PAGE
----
After a week in which the Islamic State group made dramatic gains in three countries, Iraq, Syria, and Libya, there were new doubts in Washington over whether they can be stopped.
ISIS fighters trumpeted their conquest of ancient Palmyra in Central Syria after days of fighting. And Syrian state TV confirmed it.
WOMAN (through interpreter):
Syrian national defense forces have withdrawn from Palmyra. Islamic State fighters have entered the city in big numbers and are trying to enter archaeological sites.
Syrian activists reported the militants had, in fact, already seized the world-renowned Roman ruins just outside Palmyra. The site is famous for its 2,000-year-old colonnades and other antiquities.
And there are fears that ISIS extremists will destroy them, as they have done in Iraq. The head of the global cultural agency UNESCO pleaded today for a cease-fire.
IRINA BOKOVA, Director-General, UNESCO:
Destroying heritage will not achieve anything. Destroying such heritage doesn't mean that you achieve some kind of a victory over your enemy.
But the seizure of Palmyra does mean that ISIS now controls even more Syrian territory. And hundreds of miles to the east, in Iraq, the militants today followed up their capture of Ramadi by overrunning Iraqi military positions east of the city.
The group also scored gains in faraway Libya, taking the city of Sirte, hometown of former leader Moammar Gadhafi. The cascade of ISIS victories raised new questions about U.S. reliance on airstrikes to defeat the militants. That issue dominated a Senate hearing, where lawmakers and witnesses took turns blasting the administration.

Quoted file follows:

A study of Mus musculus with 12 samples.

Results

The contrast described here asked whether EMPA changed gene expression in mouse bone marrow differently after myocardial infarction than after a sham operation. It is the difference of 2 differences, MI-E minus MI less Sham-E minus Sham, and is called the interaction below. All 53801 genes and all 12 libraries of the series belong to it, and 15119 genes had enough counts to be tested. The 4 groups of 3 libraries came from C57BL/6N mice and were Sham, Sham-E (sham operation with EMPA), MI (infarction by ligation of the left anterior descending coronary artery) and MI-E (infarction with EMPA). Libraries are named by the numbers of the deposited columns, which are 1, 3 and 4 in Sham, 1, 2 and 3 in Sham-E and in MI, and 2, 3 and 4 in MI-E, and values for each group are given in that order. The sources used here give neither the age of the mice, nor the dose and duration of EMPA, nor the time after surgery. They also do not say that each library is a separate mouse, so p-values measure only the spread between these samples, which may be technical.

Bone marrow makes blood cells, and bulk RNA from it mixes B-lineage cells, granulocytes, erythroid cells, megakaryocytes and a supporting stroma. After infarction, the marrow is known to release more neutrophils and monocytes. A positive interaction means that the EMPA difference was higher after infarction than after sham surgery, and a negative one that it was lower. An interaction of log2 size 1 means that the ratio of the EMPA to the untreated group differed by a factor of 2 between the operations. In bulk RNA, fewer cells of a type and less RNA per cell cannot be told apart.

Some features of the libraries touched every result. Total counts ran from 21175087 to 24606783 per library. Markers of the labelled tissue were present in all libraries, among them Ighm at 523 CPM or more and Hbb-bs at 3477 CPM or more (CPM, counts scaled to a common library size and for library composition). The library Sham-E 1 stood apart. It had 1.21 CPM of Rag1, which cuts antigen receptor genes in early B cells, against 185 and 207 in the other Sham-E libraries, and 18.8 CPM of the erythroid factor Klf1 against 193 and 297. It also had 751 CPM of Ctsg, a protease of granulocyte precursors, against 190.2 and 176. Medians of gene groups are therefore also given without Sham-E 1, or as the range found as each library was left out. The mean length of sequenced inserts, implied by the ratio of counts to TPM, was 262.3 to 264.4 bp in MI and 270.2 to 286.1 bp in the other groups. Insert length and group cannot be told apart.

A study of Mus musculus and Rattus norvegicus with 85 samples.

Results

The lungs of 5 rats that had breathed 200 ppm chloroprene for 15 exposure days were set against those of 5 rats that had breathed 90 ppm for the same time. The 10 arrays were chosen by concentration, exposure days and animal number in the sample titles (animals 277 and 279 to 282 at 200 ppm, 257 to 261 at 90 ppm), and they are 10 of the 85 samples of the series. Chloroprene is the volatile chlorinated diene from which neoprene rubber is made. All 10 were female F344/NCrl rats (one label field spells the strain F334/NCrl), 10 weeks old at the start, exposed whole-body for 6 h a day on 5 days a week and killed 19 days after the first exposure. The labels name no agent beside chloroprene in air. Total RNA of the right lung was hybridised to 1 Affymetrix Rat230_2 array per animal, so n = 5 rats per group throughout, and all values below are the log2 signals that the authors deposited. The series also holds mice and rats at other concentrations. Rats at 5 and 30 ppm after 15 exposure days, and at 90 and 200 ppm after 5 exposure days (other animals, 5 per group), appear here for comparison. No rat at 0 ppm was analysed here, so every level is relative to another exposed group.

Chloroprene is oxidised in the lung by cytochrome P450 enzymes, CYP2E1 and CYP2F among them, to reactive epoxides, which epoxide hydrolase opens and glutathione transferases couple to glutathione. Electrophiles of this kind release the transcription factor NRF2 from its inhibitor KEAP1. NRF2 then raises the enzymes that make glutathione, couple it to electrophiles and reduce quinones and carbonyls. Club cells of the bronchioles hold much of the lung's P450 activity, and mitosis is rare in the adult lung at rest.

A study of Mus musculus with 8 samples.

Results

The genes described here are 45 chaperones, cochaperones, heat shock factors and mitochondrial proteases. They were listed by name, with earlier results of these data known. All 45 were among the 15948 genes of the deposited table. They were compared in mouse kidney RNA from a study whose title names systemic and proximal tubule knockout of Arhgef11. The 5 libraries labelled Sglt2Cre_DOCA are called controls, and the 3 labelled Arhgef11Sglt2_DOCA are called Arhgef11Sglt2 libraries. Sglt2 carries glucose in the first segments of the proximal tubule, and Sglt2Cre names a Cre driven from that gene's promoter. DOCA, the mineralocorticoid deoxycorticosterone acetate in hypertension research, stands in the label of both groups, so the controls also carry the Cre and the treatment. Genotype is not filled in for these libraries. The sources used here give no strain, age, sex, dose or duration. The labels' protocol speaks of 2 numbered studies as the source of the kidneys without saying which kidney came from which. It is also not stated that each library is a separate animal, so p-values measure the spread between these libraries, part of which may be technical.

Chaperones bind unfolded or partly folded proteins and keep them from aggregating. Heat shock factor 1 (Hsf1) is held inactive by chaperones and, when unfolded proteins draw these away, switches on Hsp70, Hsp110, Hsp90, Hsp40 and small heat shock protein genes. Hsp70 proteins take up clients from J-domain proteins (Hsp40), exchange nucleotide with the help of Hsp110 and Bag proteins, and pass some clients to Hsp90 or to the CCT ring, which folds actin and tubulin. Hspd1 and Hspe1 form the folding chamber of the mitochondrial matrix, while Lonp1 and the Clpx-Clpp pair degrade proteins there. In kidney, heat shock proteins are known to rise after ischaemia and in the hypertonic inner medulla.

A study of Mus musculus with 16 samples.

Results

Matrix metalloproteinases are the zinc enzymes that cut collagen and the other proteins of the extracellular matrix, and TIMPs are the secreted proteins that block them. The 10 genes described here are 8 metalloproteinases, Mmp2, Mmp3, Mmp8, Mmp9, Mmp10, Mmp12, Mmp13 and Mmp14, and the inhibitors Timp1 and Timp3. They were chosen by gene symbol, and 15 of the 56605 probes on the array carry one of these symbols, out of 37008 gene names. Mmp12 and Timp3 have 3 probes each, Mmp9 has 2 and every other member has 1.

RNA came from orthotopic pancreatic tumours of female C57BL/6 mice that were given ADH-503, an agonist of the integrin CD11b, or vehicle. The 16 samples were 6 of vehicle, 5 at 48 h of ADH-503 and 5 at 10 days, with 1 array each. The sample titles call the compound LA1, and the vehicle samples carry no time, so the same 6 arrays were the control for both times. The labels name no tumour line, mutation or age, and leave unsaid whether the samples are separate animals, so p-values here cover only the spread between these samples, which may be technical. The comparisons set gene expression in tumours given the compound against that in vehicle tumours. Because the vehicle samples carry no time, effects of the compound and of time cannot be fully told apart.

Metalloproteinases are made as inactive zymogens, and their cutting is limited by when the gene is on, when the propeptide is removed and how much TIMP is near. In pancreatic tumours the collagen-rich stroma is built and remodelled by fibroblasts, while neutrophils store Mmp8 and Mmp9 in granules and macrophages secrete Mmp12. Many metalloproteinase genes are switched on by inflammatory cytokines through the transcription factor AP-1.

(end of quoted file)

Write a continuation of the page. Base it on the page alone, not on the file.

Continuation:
SEN. JOHN MCCAIN, R-Ariz.:
While it's still unclear what President Obama is willing to do in Syria, it is clear our partners do not draw confidence from statements of what we will not do.
GEN. JACK KEANE (RET.), U.S. Army: We are not only failing. We are, in fact, losing this war. Moreover, I can say with certainty that this strategy will not defeat ISIS.
The president didn't respond directly, as he met with his Cabinet. But in an interview conducted earlier this week with The Atlantic, he offered an appraisal of the situation in Iraq, saying: "I don't think we're losing. Baghdad is consolidated. And ISIL has been significantly degraded across the country."
At today's White House briefing, spokesman Josh Earnest spoke directly to what will, and won't, happen next.
JOSH EARNEST, White House Press Secretary:
But the president is not going to be in a position where he's going to consider a large-scale U.S. military deployment. And for those who are calling on a change in strategy, I would encourage them to be specific.
There was word that the U.S. is sending 2,000 anti-tank rockets to Iraq's military to target suicide car bombers before they strike.